UNLV student Alma Perez’s American Dream is to one day work as an accountant, which she is studying for.

But as an undocumented immigrant who was brought to the U.S. at the age of 4, she’s not permitted to legally work, and has resorted to construction labor alongside her father, said the 20-year-old woman.

“I work there because I truly don’t know where else to look, because my options are limited,” said Perez at an east Las Vegas event marking the 12th anniversary of the Deferred Action for Childhood Arrivals program.

Those who qualify for DACA are commonly known as “Dreamers.”

Advocates with Make the Road Nevada on Monday called on President Joe Biden’s administration to strengthen and expand the DACA program, which was intended for the undocumented population who immigrated to the U.S. as children. It allows them to legally live and work in the country without a path to citizenship.

On Tuesday, Biden announced a new set of immigration-related executive actions.

One would allow certain undocumented children and spouses of American citizens to apply for permanent residence — which they were already able to — while remaining in the country, a process known as “parole in place.”

Another addresses DACA recipients and other Dreamers who have a college degree and a job offer in their field of study, according to the White House. The order will allow them to “more quickly” receive work visas.

Just like the DACA program, the new orders are expected to be challenged in court.

Living in fear

Valdivias, who earned a degree in business administration, also works landscaping and construction with her father.

“I am a 110-pound girl (pushing) wheel barrels far heavier than my own weight,” she said Monday.

“You might think that the physical toll is the hardest part, but it’s not,” she added. “The hardest part is the emotional stress that comes from living in fear that one day my older siblings, parents and I can be deported from the country we call home.”

Then-President Barack Obama issued the DACA directive in 2012. It’s currently in limbo in the Fifth Circuit Court of Appeals as opponents challenge its legality.

As of 2023, there were roughly 580,000 recipients who must renew their permits every two years, according to U.S. Citizenship and Immigration Services figures. About 11,200 live in Nevada.

Meanwhile, after former President Donald Trump moved to rescind the program in 2017, new applicants like Perez and Reyna Valdivias, a recent Nevada State University graduate, were “locked out.”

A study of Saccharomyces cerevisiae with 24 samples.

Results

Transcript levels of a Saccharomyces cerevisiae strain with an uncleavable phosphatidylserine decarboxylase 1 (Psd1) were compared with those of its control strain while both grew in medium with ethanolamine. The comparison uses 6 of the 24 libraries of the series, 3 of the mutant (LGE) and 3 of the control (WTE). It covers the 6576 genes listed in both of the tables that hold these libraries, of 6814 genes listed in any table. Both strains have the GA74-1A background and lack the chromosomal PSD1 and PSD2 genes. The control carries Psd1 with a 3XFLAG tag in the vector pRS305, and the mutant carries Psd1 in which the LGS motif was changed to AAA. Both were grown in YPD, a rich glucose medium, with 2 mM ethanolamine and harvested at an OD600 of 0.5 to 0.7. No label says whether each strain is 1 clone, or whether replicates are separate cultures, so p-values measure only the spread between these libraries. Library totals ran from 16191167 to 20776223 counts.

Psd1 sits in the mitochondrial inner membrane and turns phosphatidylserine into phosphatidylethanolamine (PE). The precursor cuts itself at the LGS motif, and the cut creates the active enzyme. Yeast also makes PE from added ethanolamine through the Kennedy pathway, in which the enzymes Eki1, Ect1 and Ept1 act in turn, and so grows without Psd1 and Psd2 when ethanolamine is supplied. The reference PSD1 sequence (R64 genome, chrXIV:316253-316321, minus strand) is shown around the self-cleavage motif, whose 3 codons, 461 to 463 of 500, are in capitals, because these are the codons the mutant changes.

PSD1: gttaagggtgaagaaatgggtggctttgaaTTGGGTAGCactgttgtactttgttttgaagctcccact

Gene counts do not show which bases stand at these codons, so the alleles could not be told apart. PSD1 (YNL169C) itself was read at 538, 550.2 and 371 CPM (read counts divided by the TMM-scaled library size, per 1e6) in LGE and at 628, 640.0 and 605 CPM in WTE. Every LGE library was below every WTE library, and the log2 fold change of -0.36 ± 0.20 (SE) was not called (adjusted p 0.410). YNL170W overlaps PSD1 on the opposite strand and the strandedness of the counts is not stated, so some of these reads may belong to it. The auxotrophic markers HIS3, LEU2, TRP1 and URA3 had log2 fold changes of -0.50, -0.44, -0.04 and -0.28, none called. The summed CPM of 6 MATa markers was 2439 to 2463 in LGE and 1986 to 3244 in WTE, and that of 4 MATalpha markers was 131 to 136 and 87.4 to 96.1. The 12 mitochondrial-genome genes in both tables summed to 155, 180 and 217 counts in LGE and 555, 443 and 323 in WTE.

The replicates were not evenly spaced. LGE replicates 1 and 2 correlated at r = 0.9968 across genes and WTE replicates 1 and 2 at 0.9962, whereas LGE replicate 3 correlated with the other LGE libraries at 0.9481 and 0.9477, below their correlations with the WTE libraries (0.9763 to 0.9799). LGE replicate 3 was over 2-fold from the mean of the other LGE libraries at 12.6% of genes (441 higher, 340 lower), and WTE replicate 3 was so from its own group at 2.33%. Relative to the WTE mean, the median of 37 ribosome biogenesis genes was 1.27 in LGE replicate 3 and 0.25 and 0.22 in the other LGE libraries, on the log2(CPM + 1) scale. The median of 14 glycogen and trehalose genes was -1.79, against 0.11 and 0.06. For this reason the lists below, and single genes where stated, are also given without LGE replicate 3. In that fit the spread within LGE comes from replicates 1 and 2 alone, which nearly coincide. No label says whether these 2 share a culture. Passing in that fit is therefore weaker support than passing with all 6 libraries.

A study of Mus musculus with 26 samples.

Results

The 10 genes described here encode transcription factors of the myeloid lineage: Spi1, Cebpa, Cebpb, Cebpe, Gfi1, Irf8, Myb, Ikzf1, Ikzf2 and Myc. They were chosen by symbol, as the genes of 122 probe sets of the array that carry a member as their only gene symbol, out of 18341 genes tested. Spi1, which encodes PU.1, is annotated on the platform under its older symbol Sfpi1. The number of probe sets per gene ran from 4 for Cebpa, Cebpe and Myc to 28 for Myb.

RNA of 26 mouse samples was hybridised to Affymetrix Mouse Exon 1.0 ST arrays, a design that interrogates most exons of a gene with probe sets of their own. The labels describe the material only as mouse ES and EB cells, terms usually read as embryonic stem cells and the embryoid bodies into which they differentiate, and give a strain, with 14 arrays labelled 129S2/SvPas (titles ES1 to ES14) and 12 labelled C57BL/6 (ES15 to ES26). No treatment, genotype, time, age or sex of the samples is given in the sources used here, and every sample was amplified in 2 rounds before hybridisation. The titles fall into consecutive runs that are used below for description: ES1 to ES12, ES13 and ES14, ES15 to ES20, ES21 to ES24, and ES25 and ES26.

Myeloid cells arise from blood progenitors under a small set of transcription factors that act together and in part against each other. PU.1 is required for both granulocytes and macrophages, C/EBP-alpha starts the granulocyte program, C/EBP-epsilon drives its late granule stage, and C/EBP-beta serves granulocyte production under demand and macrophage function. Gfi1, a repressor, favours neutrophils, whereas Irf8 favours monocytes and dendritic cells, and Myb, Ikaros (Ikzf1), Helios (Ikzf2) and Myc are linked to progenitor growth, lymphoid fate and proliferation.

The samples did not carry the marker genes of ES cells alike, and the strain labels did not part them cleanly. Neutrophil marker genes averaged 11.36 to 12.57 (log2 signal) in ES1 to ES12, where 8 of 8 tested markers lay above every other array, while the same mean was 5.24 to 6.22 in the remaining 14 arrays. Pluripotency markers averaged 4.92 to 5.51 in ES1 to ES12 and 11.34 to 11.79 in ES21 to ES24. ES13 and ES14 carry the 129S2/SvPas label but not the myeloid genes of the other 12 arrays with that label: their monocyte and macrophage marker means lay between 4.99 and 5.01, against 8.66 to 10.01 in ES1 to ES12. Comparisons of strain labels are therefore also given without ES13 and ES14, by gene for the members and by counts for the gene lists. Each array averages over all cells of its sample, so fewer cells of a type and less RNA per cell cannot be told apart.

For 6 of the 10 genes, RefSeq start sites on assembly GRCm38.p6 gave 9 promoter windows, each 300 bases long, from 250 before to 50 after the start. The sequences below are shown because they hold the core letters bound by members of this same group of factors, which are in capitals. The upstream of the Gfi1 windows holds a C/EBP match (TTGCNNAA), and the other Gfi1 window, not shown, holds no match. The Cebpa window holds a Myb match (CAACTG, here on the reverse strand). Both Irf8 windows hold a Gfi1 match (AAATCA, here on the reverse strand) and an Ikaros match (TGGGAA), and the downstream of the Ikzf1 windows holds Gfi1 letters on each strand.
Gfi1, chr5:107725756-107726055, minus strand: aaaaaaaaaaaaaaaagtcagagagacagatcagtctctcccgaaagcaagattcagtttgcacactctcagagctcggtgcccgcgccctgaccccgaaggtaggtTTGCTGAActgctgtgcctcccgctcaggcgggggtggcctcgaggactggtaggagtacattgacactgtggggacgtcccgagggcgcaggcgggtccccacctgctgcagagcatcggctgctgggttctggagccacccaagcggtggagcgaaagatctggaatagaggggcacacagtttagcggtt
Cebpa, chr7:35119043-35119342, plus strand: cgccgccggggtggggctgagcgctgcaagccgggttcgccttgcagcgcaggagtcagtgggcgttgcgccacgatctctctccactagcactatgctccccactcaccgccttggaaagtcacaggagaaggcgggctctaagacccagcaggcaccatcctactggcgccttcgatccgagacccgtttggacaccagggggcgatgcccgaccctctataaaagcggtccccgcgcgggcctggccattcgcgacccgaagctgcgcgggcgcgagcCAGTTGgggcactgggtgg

‘We deserve the opportunity’

Just like Valdivias, Bernardo Sanchez was brought to the U.S. as a baby.

He had dreamed of enlisting in the Navy and one day joining the Navy SEALs, but he, too, wasn’t able to apply to DACA before Trump’s order.

He is also studying business administration at Nevada State University.

“Despite my determination, I’m uncertain about my future,” he said. “We deserve the opportunity to contribute fully to the country we call home.”

Michael Kagan, UNLV law professor and director of the university’s Immigration Clinic, said that permanent immigration reform can only be achieved in Congress. He’s not hopeful it can be done amid such political division.

“That is extremely unfortunate,” Kegan said. “The bipartisan era on immigration seems to be over, (but) I’d love to be proven wrong about that.”

However, he said, presidents can “use discretion to smooth some of the harshest and cruelest edges of our immigration laws, and I hope President Biden will do that.”

Kagan said both major political parties have failed immigrants.

Mass deportation threats

Presumptive Republican nominee Trump has threatened mass deportations and Democrats, Kagan said, have not done enough.

“The Democratic party has often not messaged very clearly about what it wants to do,” he said. “They’ve allowed Donald Trump to control the narrative about the border. They have rested on their laurels with the DACA program, I think, too often.”

Kagan said immigrants enrich America.

“We’re an immigrant state. So many people in Nevada come from somewhere, and for some of us that means coming from New York and moving to Nevada, and for some of us that means coming from Mexico or Venezuela, but we all built this place and we all make it work,” he said.

Contact Ricardo Torres-Cortez at rtorres@reviewjournal.com.